There is little question that the Cromwell family, which included the famous Oliver Cromwell, was very keen to establish their relationship to Thomas Cromwell, the first minister of King Henry VIII. This was achieved by discovering and exploiting the family's direct descent from Thomas Cromwell’s sister, Katherine. This Entry looks at Oliver's claim to fame, and how it was not quite as simple as it was made to appear.
Thomas Cromwell (1485 - 1540)
The son of a blacksmith, Thomas Cromwell was born in 1485, in Putney, London. He went to Europe and became a soldier in the French Army, but after his return to London he became a lawyer and in 1523 he was elected a Member of Parliament. In 1530 he came to the notice of King Henry VIII, who employed Cromwell as an adviser. In 1535, Cromwell was appointed as Vicar-General1, and in 1540 Cromwell was appointed as the Earl of Essex. After this, things started to go wrong. Cromwell arranged the marriage of the King to Anne of Cleves, but the marriage proved a disaster and as a result of this and political intrigue, Thomas Cromwell was sent to the Tower of London, where he was executed on 28 July, 1540.
Oliver Cromwell (1599 - 1658)
Oliver Cromwell was born to a relatively poor squire's family in Huntingdon in 1599. He was a keen student and was well-educated. In April 1628, at the age of 29, he was elected as MP for Huntingdon in the 'Short Parliament'. This lasted only until the following year, but Cromwell was also elected to the Long Parliament in August 1640, this time representing Cambridge.
He was a formidable general in the English Civil War, despite a lack of military experience or even training, and can be regarded as the founder of the modern British army. Known as 'Old Noll' by the Royalist forces, he raised a thousand-strong cavalry troop called 'Ironsides' using the men of the eastern counties. In 1650, Oliver Cromwell founded the Regiment of Cuirassiers using the 'Ironsides' as a foundation, with this regiment becoming the Earl of Oxford's Regiment during the reign of King Charles II2.
Cromwell supported the king's execution, and was even one of those who signed the order for the execution, thus becoming a regicide. After the death of King Charles I, he found himself elected Lord Protector of the Commonwealth: king in all but name.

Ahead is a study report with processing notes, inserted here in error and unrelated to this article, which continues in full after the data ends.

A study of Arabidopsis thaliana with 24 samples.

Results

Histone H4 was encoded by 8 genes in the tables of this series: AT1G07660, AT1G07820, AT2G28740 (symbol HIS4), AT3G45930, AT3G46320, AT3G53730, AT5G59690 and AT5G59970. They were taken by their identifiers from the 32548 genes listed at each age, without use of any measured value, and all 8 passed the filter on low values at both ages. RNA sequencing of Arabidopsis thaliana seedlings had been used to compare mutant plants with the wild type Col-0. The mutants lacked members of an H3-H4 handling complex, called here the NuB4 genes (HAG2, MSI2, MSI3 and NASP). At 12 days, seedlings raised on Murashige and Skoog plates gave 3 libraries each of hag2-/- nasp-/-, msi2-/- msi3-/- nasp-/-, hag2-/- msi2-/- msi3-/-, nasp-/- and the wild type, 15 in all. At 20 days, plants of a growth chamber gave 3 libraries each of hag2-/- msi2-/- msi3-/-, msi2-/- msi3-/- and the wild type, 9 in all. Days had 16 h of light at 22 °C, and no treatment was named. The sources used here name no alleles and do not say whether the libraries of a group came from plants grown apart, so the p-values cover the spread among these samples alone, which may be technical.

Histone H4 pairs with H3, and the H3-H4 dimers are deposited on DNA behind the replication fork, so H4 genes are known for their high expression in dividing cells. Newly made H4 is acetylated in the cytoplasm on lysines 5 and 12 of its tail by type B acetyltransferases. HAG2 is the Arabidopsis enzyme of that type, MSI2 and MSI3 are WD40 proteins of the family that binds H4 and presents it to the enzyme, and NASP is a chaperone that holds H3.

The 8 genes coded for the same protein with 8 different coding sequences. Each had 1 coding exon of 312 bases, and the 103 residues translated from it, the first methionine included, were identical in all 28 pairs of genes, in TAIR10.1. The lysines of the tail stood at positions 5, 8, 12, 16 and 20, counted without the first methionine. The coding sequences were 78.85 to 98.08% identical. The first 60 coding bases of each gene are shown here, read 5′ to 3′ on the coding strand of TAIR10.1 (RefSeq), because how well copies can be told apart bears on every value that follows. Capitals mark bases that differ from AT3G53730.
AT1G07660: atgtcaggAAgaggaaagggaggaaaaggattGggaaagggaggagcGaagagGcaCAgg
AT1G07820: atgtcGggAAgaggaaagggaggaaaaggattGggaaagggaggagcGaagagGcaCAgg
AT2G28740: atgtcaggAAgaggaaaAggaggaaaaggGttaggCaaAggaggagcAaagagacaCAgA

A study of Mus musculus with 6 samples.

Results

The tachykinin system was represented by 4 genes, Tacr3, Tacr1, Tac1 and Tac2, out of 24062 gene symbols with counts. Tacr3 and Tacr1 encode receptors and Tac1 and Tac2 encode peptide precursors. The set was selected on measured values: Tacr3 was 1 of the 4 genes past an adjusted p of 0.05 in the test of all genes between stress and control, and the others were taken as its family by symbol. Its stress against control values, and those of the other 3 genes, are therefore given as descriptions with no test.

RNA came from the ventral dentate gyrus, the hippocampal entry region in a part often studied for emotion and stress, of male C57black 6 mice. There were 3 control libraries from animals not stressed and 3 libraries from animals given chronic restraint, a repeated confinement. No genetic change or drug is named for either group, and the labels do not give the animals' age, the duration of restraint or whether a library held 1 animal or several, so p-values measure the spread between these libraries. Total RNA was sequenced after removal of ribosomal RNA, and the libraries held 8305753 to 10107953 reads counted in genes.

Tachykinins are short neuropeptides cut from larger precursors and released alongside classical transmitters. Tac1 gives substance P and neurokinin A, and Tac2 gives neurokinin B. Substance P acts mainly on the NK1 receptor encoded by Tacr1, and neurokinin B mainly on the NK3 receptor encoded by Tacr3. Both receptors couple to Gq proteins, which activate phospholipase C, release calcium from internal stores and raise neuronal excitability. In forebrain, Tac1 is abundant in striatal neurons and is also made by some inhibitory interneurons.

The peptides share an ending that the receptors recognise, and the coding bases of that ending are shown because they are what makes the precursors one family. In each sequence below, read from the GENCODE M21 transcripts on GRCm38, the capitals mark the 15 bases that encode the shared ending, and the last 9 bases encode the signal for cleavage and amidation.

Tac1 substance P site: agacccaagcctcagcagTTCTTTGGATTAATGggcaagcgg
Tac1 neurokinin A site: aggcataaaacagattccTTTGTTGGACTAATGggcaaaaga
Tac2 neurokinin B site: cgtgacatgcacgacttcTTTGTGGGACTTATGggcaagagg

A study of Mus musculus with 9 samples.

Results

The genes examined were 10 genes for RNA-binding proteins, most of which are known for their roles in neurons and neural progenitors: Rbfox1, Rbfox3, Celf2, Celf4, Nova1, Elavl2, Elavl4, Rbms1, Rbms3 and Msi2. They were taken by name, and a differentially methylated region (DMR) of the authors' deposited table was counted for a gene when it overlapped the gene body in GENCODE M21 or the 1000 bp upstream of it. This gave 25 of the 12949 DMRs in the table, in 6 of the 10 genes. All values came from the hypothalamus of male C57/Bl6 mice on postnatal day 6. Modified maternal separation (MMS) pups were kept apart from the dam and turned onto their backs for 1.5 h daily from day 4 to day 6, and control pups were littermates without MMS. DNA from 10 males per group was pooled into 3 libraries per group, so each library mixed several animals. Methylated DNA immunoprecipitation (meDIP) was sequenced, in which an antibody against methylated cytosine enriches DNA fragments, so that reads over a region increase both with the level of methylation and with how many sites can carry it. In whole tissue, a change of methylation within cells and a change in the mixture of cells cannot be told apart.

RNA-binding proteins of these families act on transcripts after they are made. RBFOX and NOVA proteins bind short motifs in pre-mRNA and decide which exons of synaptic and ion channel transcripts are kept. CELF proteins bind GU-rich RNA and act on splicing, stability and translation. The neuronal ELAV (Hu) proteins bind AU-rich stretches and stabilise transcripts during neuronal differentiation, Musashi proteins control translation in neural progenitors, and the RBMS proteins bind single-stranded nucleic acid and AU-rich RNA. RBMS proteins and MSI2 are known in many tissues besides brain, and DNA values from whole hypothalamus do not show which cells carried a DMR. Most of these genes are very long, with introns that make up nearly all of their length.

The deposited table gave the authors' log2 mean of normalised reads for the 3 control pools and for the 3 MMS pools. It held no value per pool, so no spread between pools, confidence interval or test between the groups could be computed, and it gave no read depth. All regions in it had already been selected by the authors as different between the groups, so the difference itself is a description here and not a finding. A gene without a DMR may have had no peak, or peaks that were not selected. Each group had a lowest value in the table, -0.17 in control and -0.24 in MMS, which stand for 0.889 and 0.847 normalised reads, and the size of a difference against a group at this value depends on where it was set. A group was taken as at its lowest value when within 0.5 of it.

Things are Not as They Appear
As stated before, Oliver's family were not directly descended from Thomas Cromwell, but from his sister Katherine3. This lady married a Morgan Williams, and thus the Cromwell family were not strictly Cromwells at all but, by the normal rules, Williams.
Morgan Williams started life as 'Lifas Morgan ap Williams', this being a traditional Welsh name given using a logical method, making it easy to identify the son of a father. Some names tended to change with each generation, unless a son was given the same name as his father. In this case, he would be known as Fychan or 'the younger.'
It is easy to see how a young Welshman and his family should wish to take advantage of the reputation of Thomas Cromwell, as attitudes to surnames were not the same then as today. The adoption of a the more celebrated name was open: the Williams arms were used by Morgan's descendants and the family continued to be listed as alias Williams for generations up to 1620, as can be seen by Oliver's own marriage contract.
Later, a Royalist kinsman who had considerable trouble gaining acceptance under the name of Cromwell wrote to Oliver complaining that now Oliver was a regicide4 he had made the name so odious it was time for him to change it back to Williams again. The eldest branch of this side of Cromwell's family did adopt the name Williams after the Restoration. Upon the Restoration of the Monarchy, Cromwell was vilified as a regicide and suffered post-mortem decapitation for his crime.
What's in a Name?
The name Cromwell originally came from Nottinghamshire and meant a winding stream from the old English crum for crooked,
Much ill cometh of a small note
as a Crumb Well set in a man's throat.
So went the Tudor prophecy which would malign Thomas Cromwell. Fate had revenge on a family that adopted the name for opportunist reasons, and what had started as a way to gain improved social standing had, within a generation, had the opposite effect on a family that still endures today.